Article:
You can tell that the War Against Christmas is coming soon, because it's War Against Thanksgiving time!
"For decades, Claremont kindergartners have celebrated Thanksgiving by dressing up as pilgrims and Native Americans and sharing a feast. But on Tuesday, when the youngsters meet for their turkey and songs, they won't be wearing their hand-made bonnets, headdresses and fringed vests.
"Parents in this quiet university town are sharply divided over what these construction-paper symbols represent: A simple child's depiction of the traditional (if not wholly accurate) tale of two factions setting aside their differences to give thanks over a shared meal? Or a cartoonish stereotype that would never be allowed of other racial, ethnic or religious groups." [Claremont parents clash over kindergarten Thanksgiving costumes, By Seema Mehta, Los Angeles Times, November 25, 2008]
Ah, I can answer that—it's an American tradition. And I do not think that they're worried about the stereotype of Pilgrims wearing steeple hats and buckled shoes.
The complaining, as is traditional at modern Thanksgivings, comes from an unThankful Indian:
"'It's demeaning,' Michelle Raheja, the mother of a kindergartner at Condit Elementary School, wrote to her daughter's teacher.'I'm sure you can appreciate the inappropriateness of asking children to dress up like slaves (and kind slave masters), or Jews (and friendly Nazis), or members of any other racial minority group who has struggled in our nation's history.'
"Raheja, whose mother is a Seneca, wrote the letter upon hearing of a four-decade district tradition, where kindergartners at Condit and Mountain View elementary schools take annual turns dressing up and visiting the other school for a Thanksgiving feast. This year, the Mountain View children would have dressed as Native Americans and walked to Condit, whose students would have dressed as Pilgrims."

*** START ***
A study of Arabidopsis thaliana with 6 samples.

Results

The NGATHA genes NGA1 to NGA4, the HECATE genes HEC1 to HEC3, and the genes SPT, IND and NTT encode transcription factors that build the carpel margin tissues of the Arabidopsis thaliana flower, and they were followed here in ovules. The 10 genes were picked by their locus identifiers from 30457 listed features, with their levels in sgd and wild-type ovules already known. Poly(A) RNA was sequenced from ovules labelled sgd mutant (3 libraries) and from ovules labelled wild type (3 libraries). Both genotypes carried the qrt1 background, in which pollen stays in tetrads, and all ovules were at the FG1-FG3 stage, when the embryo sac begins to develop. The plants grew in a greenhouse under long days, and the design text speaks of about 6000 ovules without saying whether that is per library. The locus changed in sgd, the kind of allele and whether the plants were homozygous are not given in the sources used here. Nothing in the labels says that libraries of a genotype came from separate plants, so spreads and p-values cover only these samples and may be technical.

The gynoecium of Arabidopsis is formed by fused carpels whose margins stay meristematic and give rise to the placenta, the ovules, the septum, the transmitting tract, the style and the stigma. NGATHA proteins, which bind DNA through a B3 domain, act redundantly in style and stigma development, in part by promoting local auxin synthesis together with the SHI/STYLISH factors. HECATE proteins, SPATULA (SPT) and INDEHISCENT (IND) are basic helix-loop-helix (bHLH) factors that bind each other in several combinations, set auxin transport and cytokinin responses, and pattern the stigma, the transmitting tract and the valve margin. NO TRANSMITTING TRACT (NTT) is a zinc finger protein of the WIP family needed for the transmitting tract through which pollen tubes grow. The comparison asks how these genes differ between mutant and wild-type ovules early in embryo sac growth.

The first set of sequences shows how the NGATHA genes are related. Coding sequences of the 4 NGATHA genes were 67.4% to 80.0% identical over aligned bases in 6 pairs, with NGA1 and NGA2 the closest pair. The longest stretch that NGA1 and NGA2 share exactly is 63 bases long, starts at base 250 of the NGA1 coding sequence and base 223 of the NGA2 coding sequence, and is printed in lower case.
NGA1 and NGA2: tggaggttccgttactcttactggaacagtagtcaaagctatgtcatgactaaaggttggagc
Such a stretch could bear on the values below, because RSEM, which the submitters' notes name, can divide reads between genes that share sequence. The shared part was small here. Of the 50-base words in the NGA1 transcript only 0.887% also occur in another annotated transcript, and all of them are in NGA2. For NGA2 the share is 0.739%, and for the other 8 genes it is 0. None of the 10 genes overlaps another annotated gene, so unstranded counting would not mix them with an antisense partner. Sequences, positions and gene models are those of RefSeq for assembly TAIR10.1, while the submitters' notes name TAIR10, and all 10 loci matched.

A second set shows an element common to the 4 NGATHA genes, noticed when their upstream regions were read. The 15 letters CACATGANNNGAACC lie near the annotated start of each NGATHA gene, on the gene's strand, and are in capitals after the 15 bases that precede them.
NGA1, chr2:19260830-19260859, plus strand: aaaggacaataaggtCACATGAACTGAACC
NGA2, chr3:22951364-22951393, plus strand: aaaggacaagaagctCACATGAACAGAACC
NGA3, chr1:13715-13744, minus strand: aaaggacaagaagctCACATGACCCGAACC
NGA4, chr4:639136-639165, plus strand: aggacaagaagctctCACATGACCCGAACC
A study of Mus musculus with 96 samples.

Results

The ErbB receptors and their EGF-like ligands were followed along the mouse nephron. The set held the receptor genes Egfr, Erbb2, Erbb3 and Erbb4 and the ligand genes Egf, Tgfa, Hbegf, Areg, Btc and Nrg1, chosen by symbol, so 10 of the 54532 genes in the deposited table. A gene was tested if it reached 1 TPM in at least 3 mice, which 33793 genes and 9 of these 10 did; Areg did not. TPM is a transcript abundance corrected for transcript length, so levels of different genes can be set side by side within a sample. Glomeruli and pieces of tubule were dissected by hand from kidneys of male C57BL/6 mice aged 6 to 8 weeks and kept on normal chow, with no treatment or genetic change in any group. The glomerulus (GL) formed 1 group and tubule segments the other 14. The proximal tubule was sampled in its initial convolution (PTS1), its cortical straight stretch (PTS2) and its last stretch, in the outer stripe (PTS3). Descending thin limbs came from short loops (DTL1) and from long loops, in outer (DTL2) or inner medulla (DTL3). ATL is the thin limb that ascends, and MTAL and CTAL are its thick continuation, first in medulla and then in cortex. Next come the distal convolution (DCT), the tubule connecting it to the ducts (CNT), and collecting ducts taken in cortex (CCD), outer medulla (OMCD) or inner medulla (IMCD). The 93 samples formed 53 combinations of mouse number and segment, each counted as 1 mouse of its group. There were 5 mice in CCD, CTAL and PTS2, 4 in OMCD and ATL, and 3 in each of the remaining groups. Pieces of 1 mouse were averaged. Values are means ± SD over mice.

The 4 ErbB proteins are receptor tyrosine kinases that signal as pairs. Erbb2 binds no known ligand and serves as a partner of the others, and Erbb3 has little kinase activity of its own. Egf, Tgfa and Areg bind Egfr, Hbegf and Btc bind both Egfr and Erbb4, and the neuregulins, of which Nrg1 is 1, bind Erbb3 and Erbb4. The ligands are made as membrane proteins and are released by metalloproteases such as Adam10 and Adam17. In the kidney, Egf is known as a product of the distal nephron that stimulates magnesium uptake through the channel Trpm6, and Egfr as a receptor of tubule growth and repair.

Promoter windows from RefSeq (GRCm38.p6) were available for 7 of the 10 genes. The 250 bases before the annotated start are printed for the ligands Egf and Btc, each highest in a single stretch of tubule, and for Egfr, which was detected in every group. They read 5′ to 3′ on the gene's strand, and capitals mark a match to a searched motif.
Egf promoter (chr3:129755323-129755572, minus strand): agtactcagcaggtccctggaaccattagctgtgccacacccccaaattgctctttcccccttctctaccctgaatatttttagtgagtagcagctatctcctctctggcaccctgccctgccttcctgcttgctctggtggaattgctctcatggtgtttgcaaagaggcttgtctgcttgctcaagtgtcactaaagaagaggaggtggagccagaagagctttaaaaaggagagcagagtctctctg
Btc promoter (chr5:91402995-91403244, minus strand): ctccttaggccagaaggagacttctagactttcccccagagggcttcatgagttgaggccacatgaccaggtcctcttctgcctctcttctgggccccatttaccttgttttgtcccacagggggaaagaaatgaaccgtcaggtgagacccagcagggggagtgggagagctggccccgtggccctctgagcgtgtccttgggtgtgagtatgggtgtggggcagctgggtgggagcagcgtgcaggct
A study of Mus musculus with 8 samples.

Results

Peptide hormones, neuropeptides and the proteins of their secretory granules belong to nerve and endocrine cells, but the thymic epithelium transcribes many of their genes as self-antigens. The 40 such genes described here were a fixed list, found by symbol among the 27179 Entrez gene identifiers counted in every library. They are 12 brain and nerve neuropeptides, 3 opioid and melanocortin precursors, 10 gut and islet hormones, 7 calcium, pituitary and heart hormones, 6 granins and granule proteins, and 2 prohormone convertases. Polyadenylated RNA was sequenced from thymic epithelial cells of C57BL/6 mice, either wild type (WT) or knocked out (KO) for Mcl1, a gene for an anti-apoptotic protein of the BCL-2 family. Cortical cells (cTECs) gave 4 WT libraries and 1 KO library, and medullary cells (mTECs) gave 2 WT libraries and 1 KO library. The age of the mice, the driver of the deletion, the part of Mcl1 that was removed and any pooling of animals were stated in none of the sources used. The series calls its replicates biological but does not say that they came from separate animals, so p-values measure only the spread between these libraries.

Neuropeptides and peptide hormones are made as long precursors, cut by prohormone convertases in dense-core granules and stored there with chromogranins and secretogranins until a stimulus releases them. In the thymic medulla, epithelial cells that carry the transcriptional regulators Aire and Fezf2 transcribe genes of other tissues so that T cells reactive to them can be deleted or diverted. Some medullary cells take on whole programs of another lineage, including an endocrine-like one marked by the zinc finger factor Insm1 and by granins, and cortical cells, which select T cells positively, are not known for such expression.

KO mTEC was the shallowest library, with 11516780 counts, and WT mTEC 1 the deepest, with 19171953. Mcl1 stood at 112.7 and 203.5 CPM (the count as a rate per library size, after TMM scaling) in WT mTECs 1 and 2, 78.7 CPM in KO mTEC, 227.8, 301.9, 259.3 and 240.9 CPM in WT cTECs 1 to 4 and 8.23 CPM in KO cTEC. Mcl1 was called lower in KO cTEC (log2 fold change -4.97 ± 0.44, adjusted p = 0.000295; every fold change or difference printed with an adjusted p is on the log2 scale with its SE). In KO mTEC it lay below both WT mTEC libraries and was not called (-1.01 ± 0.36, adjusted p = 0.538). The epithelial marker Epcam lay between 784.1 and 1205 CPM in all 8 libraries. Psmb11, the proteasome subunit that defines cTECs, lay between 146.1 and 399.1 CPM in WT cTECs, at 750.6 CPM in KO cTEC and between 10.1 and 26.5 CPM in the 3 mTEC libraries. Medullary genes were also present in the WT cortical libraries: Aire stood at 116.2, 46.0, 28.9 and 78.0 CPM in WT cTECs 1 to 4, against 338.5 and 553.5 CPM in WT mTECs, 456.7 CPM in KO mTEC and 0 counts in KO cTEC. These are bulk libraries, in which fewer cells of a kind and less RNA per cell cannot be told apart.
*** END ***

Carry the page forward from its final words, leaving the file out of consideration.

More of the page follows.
Of course, it's Raheja casting the Pilgrim Fathers as the Nazis/slave masters, and the Indians as the minority group. This is false—the Pilgrims were Protestant Christians, the Indians were pagan savages. The Pilgrims were anti-slavery Puritans whose descendants would fight on the Northern side in the Civil War, the Seneca were slave-owners and raiders. (Their victims being mostly other Indians, of course. They used to capture whole villages of Hurons and assimilate them.) And while Indians are now a minority group, at the time of the first Thanksgiving, the Pilgrims were the minority—they were the only white people for thousands of miles in any direction. What this is, of course, is history told from the enemy's point of view.
"Raheja, an English professor at UC Riverside [Send her mail] who specializes in Native American literature, said she met with teachers and administrators in hopes that the district could hold a public forum to discuss alternatives that celebrate thankfulness without 'dehumanizing' her daughter's ancestry.
"'There is nothing to be served by dressing up as a racist stereotype,' she said."
Well, that depends. Short of massive cosmetic surgery, the only way for a kindergartener to impersonate an Indian or a Pilgrim is by dressing in costume. And it's not automatically "racist" to wear a headband, like the Indians used to. Besides, kids love it.
"Kathleen Lucas, a Condit parent who is of Choctaw heritage, said her son—now a first-grader—still wears the vest and feathered headband he made last year to celebrate the holiday.
"'My son was so proud,' she said. 'In his eyes, he thinks that's what it looks like to be Indian.'"
There are actual instances of resistance to Raheja, which is a good sign. It shows that parents are getting wise to the agenda behind this stuff. The story quotes one mother saying Raheja is "using those children as a political platform for herself and her ideas. I'm not a professor and I'm not a historian, but I can put the dots together." and another saying "She's not going to tell us what we can and cannot wear."
But the whole thing is part of the plan to abolish America. Any victory won by Americans in the past must be evil, the establishment of American itself must be evil. But none of its enemies can ever be evil. (Except, of course, for the Nazis and the Confederacy, both of which were used as examples by Raheja.)
The modern multicultural state holds all American traditions hostage—there will always be someone descended from past enemies of the United States in your child's classroom, to try and make you feel bad about celebrating American victories at, say, the Heights of Chapultepec, or mourning the sneak attack on Pearl Harbor.
The assault on Thanksgiving by Politically Correct Indians is just a part of that.
It's a form of Political Correctness that needs to be resisted, and Thanksgiving is a time to remember what we have to be grateful for, and also remember that the settlers found that they had to fight to keep it. Happy Thanksgiving, everyone, and don't let anyone tell you different!
09/25/03 - Pressure On The Pot [Blast from Past! A 1989 Peter Brimelow column from the London Times.]